Chokecherry tree planting goes as far back as 1724, when it was first cultivated. The tree is now primarily used to control erosion problems and for ornamentation of the landscape. The fruit of the chokecherry is also known to be edible. Jams, jellies, preserves, and even wines are made from the chokecherry tree fruit, which resembles a cherry. The fruit is 1/4″ to 1/3″ in diameter with a thick skin and becomes deep purple, almost black, when ripe.
Where They are Found and Characteristics
Nowadays, evidence of chokecherry tree planting can be found in a number of regions. Its range encompasses the West Coast all the way up to British Columbia, down the southern part of the United States in New Mexico, Texas, Oklahoma, Arkansas, Louisiana, Georgia, and then on up the East Coast from Maine to Newfoundland.
For chokecherry tree planting, count on a tree that grows from 20-30″ tall with an 18-25 inch wide spread. The blooms are white and flower throughout the spring and summer. The trees deciduous characteristic makes it an excellent screen to break hot, southerly winds and its dense foliage helps conserve precious topsoil during the rainy season.
A Tasty Chokecherry Treat
Not only does chokecherry tree planting benefit mankind, it is a boon to animals, as well. More than 40 different species of birds enjoy the fruits of the chokecherry and animals such as black bears and cottontail rabbits can be found feasting on them, too.
Chokecherry tree planting should be done with care, away from other fruit trees because of its propensity to attract the tent caterpillar, which can devastate other types of fruit trees. Newer cultivars of the tree, including one called “Goertz”, have shown a tastier fruit than the common Prunus virginiana chokecherry, which has an astringent, barely-edible taste unless it is disguised with sugar. These new cultivars may cause more chokecherry trees to be introduced in growers fields, despite the tent caterpillar, because of the better-tasting fruits.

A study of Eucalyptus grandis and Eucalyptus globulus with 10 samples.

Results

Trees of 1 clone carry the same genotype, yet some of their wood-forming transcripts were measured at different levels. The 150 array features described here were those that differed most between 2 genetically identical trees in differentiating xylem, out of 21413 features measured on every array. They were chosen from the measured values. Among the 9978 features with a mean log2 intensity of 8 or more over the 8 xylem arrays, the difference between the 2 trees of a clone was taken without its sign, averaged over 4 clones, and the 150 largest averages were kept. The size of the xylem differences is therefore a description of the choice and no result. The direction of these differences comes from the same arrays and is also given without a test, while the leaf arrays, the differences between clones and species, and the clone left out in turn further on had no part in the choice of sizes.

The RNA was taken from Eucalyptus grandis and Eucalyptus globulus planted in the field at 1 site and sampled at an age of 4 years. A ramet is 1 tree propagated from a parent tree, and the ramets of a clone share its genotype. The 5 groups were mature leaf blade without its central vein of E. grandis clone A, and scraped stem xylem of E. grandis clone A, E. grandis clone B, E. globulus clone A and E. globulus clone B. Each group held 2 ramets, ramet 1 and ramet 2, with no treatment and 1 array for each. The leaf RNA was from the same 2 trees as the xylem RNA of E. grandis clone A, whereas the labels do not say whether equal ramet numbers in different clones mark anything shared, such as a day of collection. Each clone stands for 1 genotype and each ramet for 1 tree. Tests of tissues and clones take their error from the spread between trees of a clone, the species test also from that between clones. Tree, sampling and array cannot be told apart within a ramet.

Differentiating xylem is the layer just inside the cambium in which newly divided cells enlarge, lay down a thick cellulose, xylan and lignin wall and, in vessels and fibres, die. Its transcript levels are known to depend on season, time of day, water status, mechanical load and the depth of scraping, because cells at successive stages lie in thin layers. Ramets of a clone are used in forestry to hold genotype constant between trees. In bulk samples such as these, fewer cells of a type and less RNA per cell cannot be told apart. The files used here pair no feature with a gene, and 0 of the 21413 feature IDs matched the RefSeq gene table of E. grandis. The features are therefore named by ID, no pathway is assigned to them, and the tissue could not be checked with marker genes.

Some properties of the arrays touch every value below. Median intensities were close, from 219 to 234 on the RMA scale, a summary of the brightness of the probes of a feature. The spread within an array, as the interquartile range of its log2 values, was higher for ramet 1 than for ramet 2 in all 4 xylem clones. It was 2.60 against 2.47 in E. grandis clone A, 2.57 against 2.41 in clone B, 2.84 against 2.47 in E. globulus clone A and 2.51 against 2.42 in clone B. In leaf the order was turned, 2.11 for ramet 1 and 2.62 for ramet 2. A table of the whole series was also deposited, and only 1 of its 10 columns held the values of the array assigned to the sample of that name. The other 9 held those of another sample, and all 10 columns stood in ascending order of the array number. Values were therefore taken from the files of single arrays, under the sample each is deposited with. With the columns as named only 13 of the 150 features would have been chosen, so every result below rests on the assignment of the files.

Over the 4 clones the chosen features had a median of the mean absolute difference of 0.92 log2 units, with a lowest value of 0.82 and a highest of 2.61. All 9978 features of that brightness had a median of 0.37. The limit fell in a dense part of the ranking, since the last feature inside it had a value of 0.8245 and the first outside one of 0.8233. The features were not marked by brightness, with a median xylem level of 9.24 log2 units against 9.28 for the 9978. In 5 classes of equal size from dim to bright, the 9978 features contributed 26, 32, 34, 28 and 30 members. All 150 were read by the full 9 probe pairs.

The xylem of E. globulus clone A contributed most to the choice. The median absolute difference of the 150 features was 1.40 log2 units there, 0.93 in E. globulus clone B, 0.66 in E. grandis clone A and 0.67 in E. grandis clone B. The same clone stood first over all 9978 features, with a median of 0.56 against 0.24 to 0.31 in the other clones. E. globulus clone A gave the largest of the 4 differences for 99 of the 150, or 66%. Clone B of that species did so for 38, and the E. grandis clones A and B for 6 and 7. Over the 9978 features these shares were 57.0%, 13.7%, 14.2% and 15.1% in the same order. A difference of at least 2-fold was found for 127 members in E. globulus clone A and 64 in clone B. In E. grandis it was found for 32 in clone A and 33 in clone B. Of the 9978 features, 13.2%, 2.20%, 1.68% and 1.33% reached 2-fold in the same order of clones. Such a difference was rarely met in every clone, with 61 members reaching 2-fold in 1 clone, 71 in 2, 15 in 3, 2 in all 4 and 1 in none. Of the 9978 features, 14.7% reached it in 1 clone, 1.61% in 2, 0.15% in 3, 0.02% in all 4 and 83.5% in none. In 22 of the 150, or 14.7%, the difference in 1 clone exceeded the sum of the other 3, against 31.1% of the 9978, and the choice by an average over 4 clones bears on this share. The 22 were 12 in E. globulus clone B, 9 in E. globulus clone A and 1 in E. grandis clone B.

How and When to Plant
Chokecherry tree planting should occur the same as any other tree with fall planting. Planting in the cooler weather, when the tree is dormant, enables the newly planted tree to work on growing roots, instead of expending precious energy on branches and foliage.
- Dig a hole twice as big as the rootball when chokecherry tree planting.
After setting in the tree, backfill the hole with rich loamy soil, making sure you do not set the rootball down too deep.
Planting “high” helps prevent the tree from getting root rot from too much water. Cover the top of the planted rootball with two inches of mulch to help retain moisture.
Water the newly planted tree in well and check it every few days by inserting a finger in one or two inches to make sure it has not dried out.
Chokecherry tree planting is an old-fashioned endeavor thats been around longer than many other types of tree planting and has found favor among people for a number of reasons. Whether you are planting one for its fruit, its screening ability, to control erosion, or just because you like the way it looks, you cannot go too far wrong. Chokecherry trees are another one of Mother Natures treats that are sure to be around for many more decades to come.